If you mean a woman who sleeps with a man who is not married to her -- a mistress, in other words -- the male equivalent might be "lover".
But if you mean a secondary wife or a low-ranking member of a harem, I don't think there is a male equivalent. As far as I know, societies where one woman can (legally) have more than one husband are very rare. I would probably write "lower-ranking husband" or "additional husband" if necessary, otherwise just "husband".
'Concubine' is derived from 'concupiscence' which means sexual desire.
Both terms are very old but they're still used in some languages derived from latin. (concubine, concubinage in French / concubina ,concubinaggio in Italian) however I do not think I've heard the term in spoken English before.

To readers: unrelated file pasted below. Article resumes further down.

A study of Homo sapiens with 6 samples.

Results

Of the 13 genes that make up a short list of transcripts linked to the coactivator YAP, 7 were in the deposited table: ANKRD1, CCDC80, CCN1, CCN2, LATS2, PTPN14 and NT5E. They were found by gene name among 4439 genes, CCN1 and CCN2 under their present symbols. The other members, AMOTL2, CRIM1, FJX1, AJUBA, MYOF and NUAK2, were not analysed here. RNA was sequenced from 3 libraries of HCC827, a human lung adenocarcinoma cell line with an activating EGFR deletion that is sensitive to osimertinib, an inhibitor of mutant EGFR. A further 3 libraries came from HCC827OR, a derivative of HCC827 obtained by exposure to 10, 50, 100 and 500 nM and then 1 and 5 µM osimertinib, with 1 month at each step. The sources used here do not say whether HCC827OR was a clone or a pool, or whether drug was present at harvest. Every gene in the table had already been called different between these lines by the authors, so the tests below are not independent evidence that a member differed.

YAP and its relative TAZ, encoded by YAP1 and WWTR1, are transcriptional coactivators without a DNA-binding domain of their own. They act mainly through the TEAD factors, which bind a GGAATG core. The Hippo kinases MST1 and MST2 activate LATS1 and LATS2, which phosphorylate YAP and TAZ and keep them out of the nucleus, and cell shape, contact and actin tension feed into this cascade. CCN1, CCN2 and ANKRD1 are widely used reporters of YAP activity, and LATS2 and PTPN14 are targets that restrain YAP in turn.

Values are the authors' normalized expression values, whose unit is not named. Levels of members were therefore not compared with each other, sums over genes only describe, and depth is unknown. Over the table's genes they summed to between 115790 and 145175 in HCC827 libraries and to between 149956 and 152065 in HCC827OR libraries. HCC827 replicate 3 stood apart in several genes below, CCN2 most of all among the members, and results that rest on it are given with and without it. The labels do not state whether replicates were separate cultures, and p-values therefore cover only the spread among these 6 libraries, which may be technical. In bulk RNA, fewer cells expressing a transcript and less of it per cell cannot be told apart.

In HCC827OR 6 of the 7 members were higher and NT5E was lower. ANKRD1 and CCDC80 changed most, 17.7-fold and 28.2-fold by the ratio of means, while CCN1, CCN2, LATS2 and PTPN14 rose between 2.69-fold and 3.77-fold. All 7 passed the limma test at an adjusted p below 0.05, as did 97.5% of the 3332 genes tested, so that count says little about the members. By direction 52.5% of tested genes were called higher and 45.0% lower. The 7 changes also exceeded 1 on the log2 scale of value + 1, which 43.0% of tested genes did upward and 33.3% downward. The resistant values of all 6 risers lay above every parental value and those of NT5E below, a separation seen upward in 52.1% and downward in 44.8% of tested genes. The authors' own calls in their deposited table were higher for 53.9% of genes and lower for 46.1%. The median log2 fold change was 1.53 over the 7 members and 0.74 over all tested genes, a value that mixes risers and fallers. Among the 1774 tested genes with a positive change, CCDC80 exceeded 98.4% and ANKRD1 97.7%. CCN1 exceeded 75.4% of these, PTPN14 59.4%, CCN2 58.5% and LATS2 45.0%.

I'd use lover (both male and female) and mistress (female) if it was an extramarital affair.
Verb to cohabit means that two people who are not married, cohabit, they live together and have a sexual relationship. It's a formal term anyway.
However, a cohabitant/ cohabitee is a formal term for someone who lives in the same house, apartment, etc. as someone else, it doesn't necessarily involve a sexual relationship.
Yes, it's strange when some words are obvious in a language like for example concubin in French which is the masculine of concubine (= concubine). And in English it does not seem to have a fully similar translation. Because I believe that the word lover, is masculine and feminine and gigolo is a quite pejorative word while concubine is not.